Hands-On With The Mighty Quest

Ragar loots keeps (and gets his own looted) in Ubisoft's new F2P dungeon crawler/manager

A few weeks ago Ubisoft decided to celebrate the start of Closed Beta for their new F2P dungeon crawler/manager, The Mighty Quest for Epic Loot. They held an Open House event - everyone who had signed up for the beta before a cutoff date was invited in for a few days to try out the game. There were even prizes given away - a shirt and 1000 keys to stay in the beta once the Open House ended. I tried out the game some during the event, but not really enough to base my opinion on the game. Now that I have a key to the actual beta and access to the locked third class, it's time to dig in a bit further and see what TMQEL has to offer.

Congratulations On Your New Keep! Have Fun Getting Robbed!

If you're unfamiliar with the premise behind TMQEL, here's the gist of it: you are an aspiring adventurer in the land of Opulencia, home to flying castles in the sky filled with gold and treasures. The problem? Most of that gold and treasure lies in keeps other than your own. Such a travesty cannot be allowed, so your first goal in the game is to free said loot from the clutches of your fellow Opulencians. You can raid their keeps and test your mettle against whatever defenses they've devised to protect their treasures.

Should you manage to best their traps and monsters fast enough, you'll gain access to their gold and Life Force stashes and be able to steal 20% of whatever they had stored away. Well, assuming it's not shielded. As a mechanic to prevent griefing as well as to make it at least remotely possible for new players to make progress in the game, player stashes become guarded once they've been looted by another player; a keep can still be attacked, but any would-be thieves will be unable to take from the treasure chests at the end until the shield expires hours later (I believe it's somewhere between six and nine currently). Remember, looting goes both ways - your neighbors can rob you of your riches just as easily as you steal theirs. To prevent those greedy monsters from taking your treasures, you'll need to beef up your defenses.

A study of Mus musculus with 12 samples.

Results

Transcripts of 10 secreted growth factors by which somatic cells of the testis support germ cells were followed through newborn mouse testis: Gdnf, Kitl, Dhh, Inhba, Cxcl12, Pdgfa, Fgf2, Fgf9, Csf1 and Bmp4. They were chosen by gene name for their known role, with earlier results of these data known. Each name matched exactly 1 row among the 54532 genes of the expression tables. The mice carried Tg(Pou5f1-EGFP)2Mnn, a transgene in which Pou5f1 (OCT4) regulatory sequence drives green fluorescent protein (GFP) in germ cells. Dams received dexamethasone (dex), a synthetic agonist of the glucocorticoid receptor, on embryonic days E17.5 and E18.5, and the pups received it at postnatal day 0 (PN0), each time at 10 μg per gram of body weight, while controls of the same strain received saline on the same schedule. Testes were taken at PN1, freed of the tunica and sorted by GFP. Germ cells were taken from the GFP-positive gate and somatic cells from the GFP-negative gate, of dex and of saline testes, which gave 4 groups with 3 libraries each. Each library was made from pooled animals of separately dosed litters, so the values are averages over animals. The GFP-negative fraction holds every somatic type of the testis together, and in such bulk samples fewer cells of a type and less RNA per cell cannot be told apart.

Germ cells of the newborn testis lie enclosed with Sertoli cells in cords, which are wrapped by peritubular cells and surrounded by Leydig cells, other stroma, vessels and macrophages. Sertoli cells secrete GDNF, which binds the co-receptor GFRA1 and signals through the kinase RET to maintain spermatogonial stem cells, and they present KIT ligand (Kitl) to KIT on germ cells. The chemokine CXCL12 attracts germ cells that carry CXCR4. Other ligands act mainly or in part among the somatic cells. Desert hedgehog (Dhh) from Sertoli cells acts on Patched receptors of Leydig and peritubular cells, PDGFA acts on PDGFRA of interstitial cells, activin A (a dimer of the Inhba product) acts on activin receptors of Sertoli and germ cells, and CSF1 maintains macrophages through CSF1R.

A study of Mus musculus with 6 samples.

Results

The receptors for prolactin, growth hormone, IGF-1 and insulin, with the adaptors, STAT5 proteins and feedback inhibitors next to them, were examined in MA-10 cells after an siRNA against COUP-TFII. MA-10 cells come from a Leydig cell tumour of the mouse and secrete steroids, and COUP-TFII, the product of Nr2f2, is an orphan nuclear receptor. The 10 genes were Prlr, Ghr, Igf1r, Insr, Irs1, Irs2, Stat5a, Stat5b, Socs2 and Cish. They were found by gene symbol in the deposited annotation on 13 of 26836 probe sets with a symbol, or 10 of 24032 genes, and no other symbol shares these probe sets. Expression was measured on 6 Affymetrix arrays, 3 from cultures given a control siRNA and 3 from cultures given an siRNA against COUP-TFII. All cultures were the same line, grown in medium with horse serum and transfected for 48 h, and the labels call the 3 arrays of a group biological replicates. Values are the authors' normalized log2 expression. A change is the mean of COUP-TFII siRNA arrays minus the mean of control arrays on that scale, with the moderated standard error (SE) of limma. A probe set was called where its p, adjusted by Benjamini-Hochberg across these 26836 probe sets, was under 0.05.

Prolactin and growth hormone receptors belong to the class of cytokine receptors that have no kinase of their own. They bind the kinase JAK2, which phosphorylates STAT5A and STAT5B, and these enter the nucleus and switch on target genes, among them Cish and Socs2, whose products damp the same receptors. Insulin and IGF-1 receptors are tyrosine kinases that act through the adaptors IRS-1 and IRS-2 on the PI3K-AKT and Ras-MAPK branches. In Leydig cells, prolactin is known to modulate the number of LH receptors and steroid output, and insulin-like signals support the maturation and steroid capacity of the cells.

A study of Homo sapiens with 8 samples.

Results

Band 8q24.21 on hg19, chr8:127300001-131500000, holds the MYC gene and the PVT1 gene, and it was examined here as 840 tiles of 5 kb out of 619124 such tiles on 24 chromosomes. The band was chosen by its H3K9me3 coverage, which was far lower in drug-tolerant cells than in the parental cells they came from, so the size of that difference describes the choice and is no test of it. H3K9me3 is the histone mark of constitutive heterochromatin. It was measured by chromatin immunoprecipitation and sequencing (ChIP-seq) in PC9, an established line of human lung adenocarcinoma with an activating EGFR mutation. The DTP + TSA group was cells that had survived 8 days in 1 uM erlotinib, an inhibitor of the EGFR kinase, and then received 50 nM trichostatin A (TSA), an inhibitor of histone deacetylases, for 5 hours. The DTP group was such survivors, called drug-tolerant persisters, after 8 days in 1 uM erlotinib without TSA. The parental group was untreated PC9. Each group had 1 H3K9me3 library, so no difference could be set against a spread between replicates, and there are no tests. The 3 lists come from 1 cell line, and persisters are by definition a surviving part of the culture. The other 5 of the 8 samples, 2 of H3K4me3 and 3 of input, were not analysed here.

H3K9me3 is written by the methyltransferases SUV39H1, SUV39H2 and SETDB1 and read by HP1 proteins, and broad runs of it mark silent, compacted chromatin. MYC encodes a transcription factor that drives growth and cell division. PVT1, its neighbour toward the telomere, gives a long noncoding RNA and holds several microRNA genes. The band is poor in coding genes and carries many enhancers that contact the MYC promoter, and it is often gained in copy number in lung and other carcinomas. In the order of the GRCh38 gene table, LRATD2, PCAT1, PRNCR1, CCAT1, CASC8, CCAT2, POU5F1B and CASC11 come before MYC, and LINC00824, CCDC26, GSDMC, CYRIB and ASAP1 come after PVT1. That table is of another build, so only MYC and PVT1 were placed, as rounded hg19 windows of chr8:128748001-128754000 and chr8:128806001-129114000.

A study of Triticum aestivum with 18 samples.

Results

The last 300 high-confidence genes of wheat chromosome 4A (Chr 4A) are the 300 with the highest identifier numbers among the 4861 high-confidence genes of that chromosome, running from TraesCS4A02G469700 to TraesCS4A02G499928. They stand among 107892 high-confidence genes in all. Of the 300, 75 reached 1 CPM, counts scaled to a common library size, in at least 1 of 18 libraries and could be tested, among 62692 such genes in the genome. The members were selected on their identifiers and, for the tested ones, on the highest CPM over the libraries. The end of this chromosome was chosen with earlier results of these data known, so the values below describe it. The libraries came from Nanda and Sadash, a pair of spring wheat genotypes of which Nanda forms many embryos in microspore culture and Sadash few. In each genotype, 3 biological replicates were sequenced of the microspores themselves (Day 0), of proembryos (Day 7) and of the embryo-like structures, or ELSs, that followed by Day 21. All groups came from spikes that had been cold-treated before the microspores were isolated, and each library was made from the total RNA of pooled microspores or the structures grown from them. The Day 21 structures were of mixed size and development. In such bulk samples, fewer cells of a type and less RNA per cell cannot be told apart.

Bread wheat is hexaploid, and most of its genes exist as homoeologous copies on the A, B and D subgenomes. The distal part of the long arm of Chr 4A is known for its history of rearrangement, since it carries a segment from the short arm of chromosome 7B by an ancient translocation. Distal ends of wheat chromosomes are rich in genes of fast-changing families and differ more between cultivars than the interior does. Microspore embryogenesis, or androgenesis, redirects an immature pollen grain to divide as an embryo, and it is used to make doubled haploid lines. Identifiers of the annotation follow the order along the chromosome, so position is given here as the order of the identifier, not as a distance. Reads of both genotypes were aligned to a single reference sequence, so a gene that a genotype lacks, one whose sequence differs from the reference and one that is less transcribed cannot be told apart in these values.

That brings us to the other half of TMQEL's gameplay, keep management. Those monsters you fought and traps you stumbled into as you raided your neighbor's keep? Those were placed by the keep's owner in an effort to protect his treasures. If you would like to maintain your own ill-gotten gains, you'll need to do the same. Well, maybe not the exact same; chances are if you managed to get past your neighbor's defenses with time to spare, then you should probably try something different. When you're back at your keep, clicking on the Defend button will give you a view of the inside of your keep. When you first get the keep and start that tutorial, there won't be a great deal to look at: an entrance, a main hallway, and the heart of your keep where your gold and Life Force stashes are held. The next few steps will give you the basics of how to defend your treasure from the ravening hordes beating on your gates. You'll be walked through making a Construction Hut (for building the basic structures in your keep), a Hero Trainer (for leveling up once you cap your XP) and the Blacksmith (shiny equipment for your hero in case your drops suck). When you're about ready to finish raiding the starting area of NPC keeps, you'll be told to make a Summoning Portal, the cornerstone of your defenses.

With your Summoning Circle in place, you can start laying traps and placing monsters in your castle. Early on your options will be a bit sparse though - you'll have Derps for melee monsters, Snotters for ranged, and a Glue Minefield for snaring any invaders. These are a start, but by this point in the game, you'll be seeing far more difficult monsters and dangerous traps in the keeps you're raiding. Simple defenses like these won't suffice to protect your fortunes against greedy neighbors. That means you'll need to upgrade your castle and that's going to take some money. Sure, you'll have some guaranteed income; the Gold Mine and Life Force Mine the tutorial has you place will passively generate both resources over time, but such a paltry income just won't cut it for defending your home. It's time to pick a hero, throw on some gear, and start saying hello to the neighbors.